Can my child safely lose weight through eating fat?

Children becoming overweight is nothing new but it is becoming more and more common. The Obesity Health Alliance notes that one in three children are overweight or obese.

You may be hoping that your child’s weight recovers back to normal later in teenage years or adulthood but the sooner a healthy weight can be resolved, the better.

Recent research notes that: “A child who is obese between the ages of 10 and 13 has an 80 per cent chance of becoming an obese adult” and this raises the risk of heart disease or stroke occurring earlier into adult life.

I don’t mean to scare any parents; rather to impress the importance of getting weight resolved at an early stage.

The good news is that we have plenty of opportunities to lose weight – it just takes the right information; the right approach; and the dedication and confidence to carry it through. I hope next to inspire you towards each of these.

Shedding weight without onerous restriction

Reaching a healthy weight can be achieved without onerous restriction and one way to do this is to follow a low-carb, high-fat (LCHF) diet.

If you’re thinking low-carb means restriction, note that it’s no more of a restriction than low-fat, plus research shows it to be both healthy and effective.

One of the great things about a LCHF diet is that allows a lot of flexibility.

Working from the healthiest kind of food, vegetables can become more appealing as you can happily use the likes of olive oil to sauté vegetables or prepare delicious dressings.

Dairy is back on the menu with the LCHF diet and this has the wonderful advantage of providing sustenance, which means less snacking between meals and less carb and sugar cravings.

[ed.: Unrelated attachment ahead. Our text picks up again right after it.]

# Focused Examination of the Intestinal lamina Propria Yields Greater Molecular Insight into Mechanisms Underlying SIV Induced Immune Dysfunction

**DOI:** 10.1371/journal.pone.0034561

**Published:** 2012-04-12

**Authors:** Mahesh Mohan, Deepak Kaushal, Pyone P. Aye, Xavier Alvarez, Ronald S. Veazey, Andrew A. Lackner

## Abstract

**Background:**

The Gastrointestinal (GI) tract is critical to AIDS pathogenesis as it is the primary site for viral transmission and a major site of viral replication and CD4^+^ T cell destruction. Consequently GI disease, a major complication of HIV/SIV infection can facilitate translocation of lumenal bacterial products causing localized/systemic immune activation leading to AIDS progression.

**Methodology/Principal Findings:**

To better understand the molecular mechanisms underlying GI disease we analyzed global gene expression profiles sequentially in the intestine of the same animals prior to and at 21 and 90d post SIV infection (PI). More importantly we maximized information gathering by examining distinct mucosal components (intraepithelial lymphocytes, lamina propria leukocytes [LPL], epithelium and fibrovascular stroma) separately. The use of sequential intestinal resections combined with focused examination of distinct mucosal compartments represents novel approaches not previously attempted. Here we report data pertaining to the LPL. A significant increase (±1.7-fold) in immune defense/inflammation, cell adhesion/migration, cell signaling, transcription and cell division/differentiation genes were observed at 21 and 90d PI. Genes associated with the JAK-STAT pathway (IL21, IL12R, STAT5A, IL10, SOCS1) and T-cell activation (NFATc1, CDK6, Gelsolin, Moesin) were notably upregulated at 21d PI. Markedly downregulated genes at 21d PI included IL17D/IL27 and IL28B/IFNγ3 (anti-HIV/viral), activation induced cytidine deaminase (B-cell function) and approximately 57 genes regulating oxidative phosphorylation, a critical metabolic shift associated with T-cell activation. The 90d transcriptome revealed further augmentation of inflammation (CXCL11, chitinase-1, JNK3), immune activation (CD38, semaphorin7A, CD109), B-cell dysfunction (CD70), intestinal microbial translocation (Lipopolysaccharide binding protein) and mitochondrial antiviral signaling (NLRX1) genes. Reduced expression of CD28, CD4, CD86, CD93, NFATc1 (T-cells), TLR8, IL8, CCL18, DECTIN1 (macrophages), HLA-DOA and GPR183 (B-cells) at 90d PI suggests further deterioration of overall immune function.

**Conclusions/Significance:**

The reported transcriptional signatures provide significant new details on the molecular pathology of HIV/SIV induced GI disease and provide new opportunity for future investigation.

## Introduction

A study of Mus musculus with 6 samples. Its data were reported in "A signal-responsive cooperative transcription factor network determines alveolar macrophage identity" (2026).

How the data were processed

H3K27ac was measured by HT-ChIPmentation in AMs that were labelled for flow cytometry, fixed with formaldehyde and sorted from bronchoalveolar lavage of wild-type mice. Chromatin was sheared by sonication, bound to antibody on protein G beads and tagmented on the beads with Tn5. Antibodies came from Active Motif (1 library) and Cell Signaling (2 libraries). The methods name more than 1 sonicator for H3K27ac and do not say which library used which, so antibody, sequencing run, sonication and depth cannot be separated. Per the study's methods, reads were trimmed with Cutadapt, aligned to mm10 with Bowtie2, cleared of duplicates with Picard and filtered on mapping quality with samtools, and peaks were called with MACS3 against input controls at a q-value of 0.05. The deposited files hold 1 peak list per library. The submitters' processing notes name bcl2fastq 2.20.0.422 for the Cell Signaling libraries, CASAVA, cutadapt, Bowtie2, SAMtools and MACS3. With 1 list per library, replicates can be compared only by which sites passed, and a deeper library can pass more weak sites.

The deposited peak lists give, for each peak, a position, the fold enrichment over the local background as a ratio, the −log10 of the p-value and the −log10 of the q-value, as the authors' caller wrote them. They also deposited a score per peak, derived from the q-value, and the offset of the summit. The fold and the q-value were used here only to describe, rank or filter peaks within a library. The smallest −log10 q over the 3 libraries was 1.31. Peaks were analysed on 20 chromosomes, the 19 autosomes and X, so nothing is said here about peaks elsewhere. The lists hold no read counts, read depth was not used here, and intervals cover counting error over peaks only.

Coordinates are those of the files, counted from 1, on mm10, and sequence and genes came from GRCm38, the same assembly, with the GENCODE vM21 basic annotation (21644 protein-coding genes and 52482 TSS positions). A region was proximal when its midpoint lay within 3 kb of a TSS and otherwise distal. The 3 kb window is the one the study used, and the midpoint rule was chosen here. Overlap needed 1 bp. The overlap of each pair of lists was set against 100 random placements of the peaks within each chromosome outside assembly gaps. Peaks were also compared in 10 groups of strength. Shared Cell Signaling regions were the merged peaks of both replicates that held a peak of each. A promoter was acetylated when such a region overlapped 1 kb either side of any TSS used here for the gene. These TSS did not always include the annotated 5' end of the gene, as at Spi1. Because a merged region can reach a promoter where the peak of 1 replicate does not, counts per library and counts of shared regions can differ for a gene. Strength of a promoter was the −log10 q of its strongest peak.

The other great thing about LCHF diets is that they offer a better chance to take in more nutrition. Most people who have gone onto a low-carb diet find that they naturally gravitate towards more vegetables in their diet and that means greater nutrition.

If you’re concerned about cutting out grains completely, don’t worry. A low-carb diet is about cutting down on carbs; not necessarily completely cutting them out. Feel free to include healthy grains, but keep portion sizes smaller.

The other common worry is whether restricting carbohydrate intake will restrict growth. As long as the diet includes a healthy amount of protein, then the only growth that will be restricted is that of the child’s waistline.

What does the research say about LCHF in children?

By lowering your child’s carbohydrate intake, you can achieve a very important effect; you reduce their need to produce so much insulin. By reducing insulin production, you slow down the weight gain machine and set your child up to lose weight instead.

A number of research studies have shown LCHF diets to be both safe and effective in children. For example, a 2012 study by Greek researchers showed that a carbohydrate-restricted (ketogenic) diet was more effective at achieving weight loss in children than a higher carb diet despite the two diets having the same calorie intake.

A 2003 study, by New York researchers, found similar benefits, concluding that: “The LC diet appears to be an effective method for short-term weight loss in overweight adolescents and does not harm the lipid profile.”

The diet for your child is between you and them but I hope I have illustrated that a LCHF diet is a safe, effective and also tasty option that you may pursue.

If you wish to start a low-carb, high-fat diet, sign up to our 10-week Low Carb Program.


Benedict Jephcote

I have been researching and writing about diabetes for the best part of a decade. I have a passion for helping people with diabetes and championing their rights. Outside of diabetes, I have a love of music and seventeenth and eighteenth century history.